New threat to Cockatoo Island
Posted on 28 Aug 2018
Cockatoo Island has been effectively abandoned by iron ore miners and the State Government, increasing fears of significant environmental and cultural damage, the island’s Traditional Owners have warned.
The Dambimangari Aboriginal Corporation (DAC) believes the sea wall containing the former mining operation could soon begin releasing sediment into the coral reef around the island.
The group wants the State Government to step in to prevent an environmental catastrophe alongside one of the region’s most important migration routes for humpback whales.
Dambimangari chairperson Rowena Mouda said the island had been managed on an ad hoc basis for three years since the iron ore mine owner Pluton Resources was put into receivership. Dewatering activities stopped late last year and the mining pit is now fully inundated.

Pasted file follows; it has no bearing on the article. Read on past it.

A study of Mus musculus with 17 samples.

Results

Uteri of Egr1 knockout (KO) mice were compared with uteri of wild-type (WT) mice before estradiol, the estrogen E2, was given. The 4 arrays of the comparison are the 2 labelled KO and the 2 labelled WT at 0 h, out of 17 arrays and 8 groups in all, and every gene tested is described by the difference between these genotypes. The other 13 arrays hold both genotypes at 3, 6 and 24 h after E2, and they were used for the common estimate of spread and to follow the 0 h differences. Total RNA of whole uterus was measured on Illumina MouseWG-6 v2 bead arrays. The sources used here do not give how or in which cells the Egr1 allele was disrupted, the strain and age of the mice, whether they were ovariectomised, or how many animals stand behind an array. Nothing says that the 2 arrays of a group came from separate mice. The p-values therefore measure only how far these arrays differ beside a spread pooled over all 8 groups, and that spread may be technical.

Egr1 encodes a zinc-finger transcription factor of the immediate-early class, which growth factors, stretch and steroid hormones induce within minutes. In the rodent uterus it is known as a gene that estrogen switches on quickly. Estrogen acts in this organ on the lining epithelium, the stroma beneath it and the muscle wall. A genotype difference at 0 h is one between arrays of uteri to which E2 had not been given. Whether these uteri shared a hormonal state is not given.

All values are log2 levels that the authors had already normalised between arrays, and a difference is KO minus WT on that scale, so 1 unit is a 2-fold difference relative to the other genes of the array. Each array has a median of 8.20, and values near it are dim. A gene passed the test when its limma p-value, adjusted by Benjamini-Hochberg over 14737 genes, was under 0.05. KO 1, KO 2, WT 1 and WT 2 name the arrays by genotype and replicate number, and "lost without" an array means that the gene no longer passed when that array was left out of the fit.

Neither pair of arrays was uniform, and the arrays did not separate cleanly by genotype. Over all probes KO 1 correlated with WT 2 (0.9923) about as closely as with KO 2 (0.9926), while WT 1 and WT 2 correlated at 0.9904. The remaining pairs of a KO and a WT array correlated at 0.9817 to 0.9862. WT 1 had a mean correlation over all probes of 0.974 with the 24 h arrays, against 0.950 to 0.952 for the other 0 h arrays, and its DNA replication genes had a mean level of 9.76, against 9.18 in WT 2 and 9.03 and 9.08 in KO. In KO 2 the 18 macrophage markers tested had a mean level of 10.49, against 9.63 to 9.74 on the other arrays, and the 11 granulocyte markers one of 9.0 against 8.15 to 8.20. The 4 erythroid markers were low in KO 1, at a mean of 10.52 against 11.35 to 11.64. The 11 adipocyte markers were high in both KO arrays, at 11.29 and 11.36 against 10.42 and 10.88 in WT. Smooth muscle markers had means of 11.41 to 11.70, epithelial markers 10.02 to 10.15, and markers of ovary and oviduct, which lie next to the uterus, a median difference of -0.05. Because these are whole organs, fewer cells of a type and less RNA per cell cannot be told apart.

Pitcher Partners stepped down as receiver-managers of Pluton last week and removed all staff from the island. A new receiver has been appointed, the third such appointment in as many years.
Mrs Mouda says the DAC is concerned that no-one is taking effective responsibility for the future of the island.
“This place is very important to our communities and Western Australia’s marine environment, but it has been neglected and now deserted by the mine owner,” she said.
“We believe that a major environmental problem is imminent.
“There is no commitment to maintain the mine pit - and no plans to prevent the sea wall from deteriorating and releasing sediment into coral reefs and marine environment,” she said.
Cockatoo Island is adjacent to a proposed Marine Park containing iconic land and seascapes.
The area has extensive largely uncharted coral reefs and significant populations of dugongs, dolphins and whales.
The area is part of a migration route for humpback whales heading north to Lalang-Garram Camden Sound Marine Park to breed.